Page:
Putting our hands on it.

Tourists take selfies with baby dolphin on Argentina beach

Today in Internet horror: rare Argentine dolphin dies after being passed around by a selfie-taking crowd.

Sticky and sandy and dry and eager, eager, seeking hands, all over that moist skin, sucking its moisture away in curiosity or excitement or wonder or unexamined narcissistic need, suspending it out of the sea until it heats and dies, positioning and repositioning themselves on that slick gray body with phones angled just right, then abandoning that body once they’ve used it up.  Despite some question – maybe the dolphin was already dead? — that does appear to have been what happened here.

Touching things can kill them.  The oils and acids of human hands can break the mantle of moisture on a water animal’s skin or stain a painting with a touch that eats the paint.  A butterfly’s wings bristle with thousands of tiny feathers that even the most gentle fingertip can crush.  (It’s a terrible inverse of Hawthorne’s “Rappacini’s Daughter.”) And it’s not only our touch, it’s our sweat, our heat, our carbon-dioxide-pumping breath.  The heavily toured cave paintings of Lascaux are grown over with mold now.  To avoid a similar fate for the marvelous caves of Chauvet, a simulacrum of the whole cave — down to the 30,000-year-old bear skull  sitting on a rock, just where those other humans left it — will be built a few miles away for visitors.  (As filmed by Werner Herzog, the paintings are marked all through the cave by the same artist’s signature: a red handprint with a crooked little finger.)  Sadly, we’ve now got to ask whether Venice and the Sistine Chapel — just for instance — will survive all the love they get.

Yet as nature educators and Pope Francis remind us, we won’t love what we can’t put our hands on.  And if we can’t love it, we probably won’t feel the need to protect it, or to change our lives on account of it, which means we won’t really love it at all.  The word for the disciple usually known as “doubting Thomas,” who had to put his hands in the wounds to believe it was really Christ in front of him, can more accurately be translated as “touching Thomas.”  Like Mary and Martha begging Jesus to haul their brother’s body out of the tomb, or the woman “with the issue of blood” creeping up to grab his garment hem, touching Thomas shows us a stubborn human love built in bewilderment and demand for action and its flipside, a willingness to be convinced.  All that love begins with touch, just as teaching a child to love what we call nature begins with picking up the light body of a dead kildeer chick from the yard, showing her the light departed thing, flimsy as an eggshell: look, how fragile, how small. But how wonderful.*

Caravaggio - The Incredulity of Saint Thomas.jpg

Caravaggio, “The Incredulity of St. Thomas,” 1601–1602.

But I don’t give selfie-takers a free pass.  Nor do I soft-pedal the way we wreck what we say we love by handling it to death, or the way our doing, handy-making, techy brains and toys have made our humanness a destructive force.  I’m not convinced that that desire to photograph — get this image in my phone! — can be totally unhooked from that furtive possessiveness that led Hitler to hide his stolen Renaissance paintings underground, or a Minnesota dentist to bag a “trophy.”  Even travel becomes about feeding the self this way, positioning it narcissistically against a backdrop of international images to prompt a chorus of “likes” on Facebook.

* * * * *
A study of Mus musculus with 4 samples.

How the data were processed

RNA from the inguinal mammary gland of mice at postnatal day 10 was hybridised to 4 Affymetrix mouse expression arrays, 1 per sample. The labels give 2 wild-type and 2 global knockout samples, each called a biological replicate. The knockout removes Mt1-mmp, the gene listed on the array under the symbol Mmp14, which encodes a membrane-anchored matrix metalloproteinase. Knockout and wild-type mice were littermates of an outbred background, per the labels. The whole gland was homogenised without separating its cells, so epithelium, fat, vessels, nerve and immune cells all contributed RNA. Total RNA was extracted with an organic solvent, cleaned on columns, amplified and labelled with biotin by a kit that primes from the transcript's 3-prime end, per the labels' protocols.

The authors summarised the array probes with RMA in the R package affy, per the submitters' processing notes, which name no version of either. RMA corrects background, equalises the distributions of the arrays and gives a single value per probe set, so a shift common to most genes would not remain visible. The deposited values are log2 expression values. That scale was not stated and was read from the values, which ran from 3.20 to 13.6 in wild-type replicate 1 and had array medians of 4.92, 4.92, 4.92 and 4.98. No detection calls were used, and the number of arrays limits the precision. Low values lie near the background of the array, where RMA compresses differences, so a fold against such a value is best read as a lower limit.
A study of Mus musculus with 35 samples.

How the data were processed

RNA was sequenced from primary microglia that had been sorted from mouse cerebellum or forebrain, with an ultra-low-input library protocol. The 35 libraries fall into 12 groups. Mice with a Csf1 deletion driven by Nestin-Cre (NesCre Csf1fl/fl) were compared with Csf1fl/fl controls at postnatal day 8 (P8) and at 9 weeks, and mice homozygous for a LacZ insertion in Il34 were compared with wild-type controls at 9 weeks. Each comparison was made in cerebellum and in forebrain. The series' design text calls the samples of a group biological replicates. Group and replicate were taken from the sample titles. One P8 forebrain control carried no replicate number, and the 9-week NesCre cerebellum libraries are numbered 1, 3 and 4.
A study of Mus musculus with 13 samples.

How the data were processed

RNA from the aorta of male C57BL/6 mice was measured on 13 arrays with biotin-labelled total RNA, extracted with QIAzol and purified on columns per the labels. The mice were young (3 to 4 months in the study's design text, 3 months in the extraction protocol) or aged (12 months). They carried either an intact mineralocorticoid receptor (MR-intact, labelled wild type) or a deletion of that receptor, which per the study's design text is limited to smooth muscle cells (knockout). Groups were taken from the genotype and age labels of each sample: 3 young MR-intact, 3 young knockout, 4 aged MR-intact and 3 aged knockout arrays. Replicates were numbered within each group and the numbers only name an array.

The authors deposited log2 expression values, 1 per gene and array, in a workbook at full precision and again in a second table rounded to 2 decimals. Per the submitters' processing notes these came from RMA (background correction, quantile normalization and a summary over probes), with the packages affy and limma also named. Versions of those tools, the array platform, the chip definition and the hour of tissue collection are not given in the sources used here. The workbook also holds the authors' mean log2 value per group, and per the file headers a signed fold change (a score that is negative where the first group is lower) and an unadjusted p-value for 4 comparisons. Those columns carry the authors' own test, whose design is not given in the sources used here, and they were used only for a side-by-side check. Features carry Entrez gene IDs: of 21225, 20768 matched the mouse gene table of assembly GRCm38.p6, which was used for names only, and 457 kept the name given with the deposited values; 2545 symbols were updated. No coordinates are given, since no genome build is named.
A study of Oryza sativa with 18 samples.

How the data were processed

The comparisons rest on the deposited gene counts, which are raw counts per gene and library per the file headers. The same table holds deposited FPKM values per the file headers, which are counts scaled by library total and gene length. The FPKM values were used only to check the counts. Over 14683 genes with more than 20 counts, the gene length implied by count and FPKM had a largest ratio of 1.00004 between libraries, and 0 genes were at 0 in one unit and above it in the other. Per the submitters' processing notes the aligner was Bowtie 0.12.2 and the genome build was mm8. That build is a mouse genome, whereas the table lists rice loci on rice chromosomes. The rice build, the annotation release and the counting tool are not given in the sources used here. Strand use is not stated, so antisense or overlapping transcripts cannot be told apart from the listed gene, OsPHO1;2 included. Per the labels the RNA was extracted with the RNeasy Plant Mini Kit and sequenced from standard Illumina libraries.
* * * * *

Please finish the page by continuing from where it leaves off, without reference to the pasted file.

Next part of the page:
This January I walked again with study-abroad students through Venice and the Colosseum and Westminster Abbey and, yes, the Sistine Chapel.  Fighting for a place to stand in the shoulder-to-shoulder crowd, we turned in circles to read the story from top to bottom: God separates water from air, water threatens to drown humans trudging up from the flood with furniture and baskets and food piled on their heads.  Photography’s forbidden there.  But three teenage boys in tight jeans and extravagant sneakers – barely bothering to hide their giant Samsungs – were taking pictures anyway.  “This bitch spoiled my shot,” complained one, in Spanish he didn’t think I could understand.  Settling on a bench, they huddled to sort and post the best of the photos they’d just taken, downcast faces lit in Facebook blue, Michelangelo’s raging architectures of color all around, unseen.

The artist Annie Katsura Rollins talks about her fear that we’re losing a certain type of “hand-wisdom” if we only tap and swipe, never cut, mend, weave, make, or touch.  There has to be a human touch that’s different from the minimal glance it takes to activate a screen, that is life-affirming rather than death-dealing to us and to the human and nonhuman beings with whom we share this earth.  Figuring out where the line is – that’s our job.  And in pondering this, I’m left with a single image from Herzog’s dazzling film:  that red handprint with its humble broken finger — recognizable, in its insistence,  its repetition, its brokenness, its touch, as us.

 

  • This is a little bit of self-plagiarism – you can read the essay from which it comes in this brand-new book.